Do you skip through meals and rush through your food? Maybe you eat lunch at your desk, mindlessly munching on a sandwich whilst you catch up on emails? Or perhaps you’re more likely to flop on the sofa for a TV dinner, or snack whilst you scroll on social media? I get it — life is busy and can be tiring at times. I’d be lying if I said I’ve never eaten lunch at my desk. But the problem with mindless eating is that it’s easy to disconnect from the experience making it harder to tune into your hunger and fullness signals. When this happens, you’re more likely to unconsciously overeat.
If you want to avoid that lapse in concentration between your first and last bite, then try these six mindfulness tips to help you slow down, appreciate and savour your food. The intention is to step away from autopilot eating, and instead bring awareness to the experience and its associated sensations.
6 tips to help you stop mindless eating today
Tip 1 Avoid distractions
As much as possible aim to focus only on the eating experience. That means switching off the television and putting away your phone [or switching to airplane mode]. If you can, sit down at a table to eat your meals. When we avoid distractions, we are better able to tune into our body’s hunger and fullness signals. On the other hand, research indicates that distractions lead to mindless eating which, in turn, may lead to weight gain.
Tip 2 Take a mindful pause
Before you start eating, take a few slow, deep breaths to allow your body to enter the relaxed state it needs for digestion. Try this conscious breathing technique as taught by Thich Nhat Hanh.
We are better able to absorb nutrients when we are relaxed and fully focused on the eating experience. You can also use this moment to acknowledge the effort that went into bringing the food to your plate.
Tip 3 Be present
Bring awareness and presence to the table. Take some time to appreciate all the sensations — sight, smell, taste and texture. Look at your food and appreciate the colours and the variety on your plate. Smell the different aromas. Appreciate the taste and texture when you chew your food, savouring the flavours with each bite.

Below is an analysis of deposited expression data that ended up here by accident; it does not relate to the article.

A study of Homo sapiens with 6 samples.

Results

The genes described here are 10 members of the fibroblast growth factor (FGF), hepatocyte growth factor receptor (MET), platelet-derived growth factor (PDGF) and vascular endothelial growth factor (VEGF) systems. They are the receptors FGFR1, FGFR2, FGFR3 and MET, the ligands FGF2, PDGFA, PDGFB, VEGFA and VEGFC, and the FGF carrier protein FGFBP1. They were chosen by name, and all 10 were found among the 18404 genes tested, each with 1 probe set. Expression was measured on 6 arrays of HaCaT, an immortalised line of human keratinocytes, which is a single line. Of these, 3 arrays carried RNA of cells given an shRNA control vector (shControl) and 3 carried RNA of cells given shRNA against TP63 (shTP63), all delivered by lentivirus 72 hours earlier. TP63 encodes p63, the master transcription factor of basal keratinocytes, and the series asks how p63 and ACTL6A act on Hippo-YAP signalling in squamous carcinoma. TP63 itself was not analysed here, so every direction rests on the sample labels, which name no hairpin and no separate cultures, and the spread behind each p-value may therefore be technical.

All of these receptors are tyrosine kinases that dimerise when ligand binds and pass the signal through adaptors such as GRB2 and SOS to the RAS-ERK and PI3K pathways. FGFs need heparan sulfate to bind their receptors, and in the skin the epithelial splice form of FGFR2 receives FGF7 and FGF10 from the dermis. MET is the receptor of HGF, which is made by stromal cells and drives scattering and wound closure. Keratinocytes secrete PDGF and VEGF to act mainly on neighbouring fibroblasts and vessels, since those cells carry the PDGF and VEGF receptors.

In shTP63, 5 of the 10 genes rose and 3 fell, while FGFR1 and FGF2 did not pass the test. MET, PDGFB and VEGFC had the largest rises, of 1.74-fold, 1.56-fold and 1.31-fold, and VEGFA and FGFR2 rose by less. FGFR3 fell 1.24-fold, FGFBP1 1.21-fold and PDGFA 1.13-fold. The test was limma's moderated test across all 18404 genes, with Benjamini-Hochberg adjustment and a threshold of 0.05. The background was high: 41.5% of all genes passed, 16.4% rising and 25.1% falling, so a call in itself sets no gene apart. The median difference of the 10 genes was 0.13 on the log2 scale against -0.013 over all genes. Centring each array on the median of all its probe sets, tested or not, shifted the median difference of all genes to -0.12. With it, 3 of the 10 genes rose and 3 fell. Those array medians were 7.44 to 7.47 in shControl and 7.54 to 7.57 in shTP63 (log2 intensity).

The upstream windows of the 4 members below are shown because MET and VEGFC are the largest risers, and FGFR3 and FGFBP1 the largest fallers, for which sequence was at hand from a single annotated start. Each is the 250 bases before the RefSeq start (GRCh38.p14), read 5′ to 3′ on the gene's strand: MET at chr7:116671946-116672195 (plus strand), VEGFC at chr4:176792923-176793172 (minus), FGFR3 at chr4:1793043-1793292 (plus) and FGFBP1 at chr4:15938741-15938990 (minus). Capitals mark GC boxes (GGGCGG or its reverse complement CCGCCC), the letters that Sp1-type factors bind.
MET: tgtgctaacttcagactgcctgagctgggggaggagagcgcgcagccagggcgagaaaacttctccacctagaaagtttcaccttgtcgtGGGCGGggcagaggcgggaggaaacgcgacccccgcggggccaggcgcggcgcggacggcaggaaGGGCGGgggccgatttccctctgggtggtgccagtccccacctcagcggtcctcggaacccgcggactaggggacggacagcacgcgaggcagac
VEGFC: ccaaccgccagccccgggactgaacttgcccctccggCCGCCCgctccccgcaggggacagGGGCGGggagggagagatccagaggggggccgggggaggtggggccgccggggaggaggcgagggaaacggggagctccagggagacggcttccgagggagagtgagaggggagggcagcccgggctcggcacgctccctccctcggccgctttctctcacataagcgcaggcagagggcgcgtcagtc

Tip 4 Choose satisfying meals
You might automatically choose low calorie meals or those that you consider “healthier”. Yes, it’s important to pay attention to the nutrients in your meals, but it’s also important to consider your relationship with food, and how you listen to your body when you eat.
In fact, research shows that when you enjoy and savour “indulgent” food, you feel fuller more quickly. That’s because you stop producing ghrelin [the hunger hormone] and this signals your body to stop eating.
Tip 5 Chew your food well
Chewing is important because it starts the process of digestion in the mouth. The more you chew, the easier it is for your whole digestive system. Chewing thoroughly also promotes satiety and ensures regulation of appetite.
A good recommendation is to chew your food until it is a mushy consistency. This, alongside putting down your fork between bites to slow down, will help you listen for the sensation of fullness as it starts to emerge.
Tip 6 Check in with yourself
It’s easy to just eat what is presented to you on your plate, regardless of whether you’re still hungry for that food. So, a good mindfulness technique is to check in with yourself periodically whilst eating.
You can ask yourself:
Am I enjoying this meal? Do I still want to eat? Have I had enough? Do I feel satisfied?
It’s also useful to check in after the meal itself. How did the meal make you feel — energised or lethargic? Do you feel clear headed? How does your body feel? How full is your stomach and how content do you feel?
By connecting with this latter part of the eating experience, you can better understand how foods make you feel.
These six techniques can help you bring awareness to the whole eating experience. They will allow you to become more aware of your body, hunger and fullness sensations and the impact on your energy levels. These actions will also help you break your habit of mindless eating by helping you slow down and savour your food and the eating experience.
It may not always be possible to use these techniques every time you eat, however over time they will increase awareness of your body before, during and after eating. My hope is that these techniques will help you feel better connected with your body’s wants and needs so you can slow down and enjoy eating your food.
What other techniques have you used to improve mindfulness at the dinner table?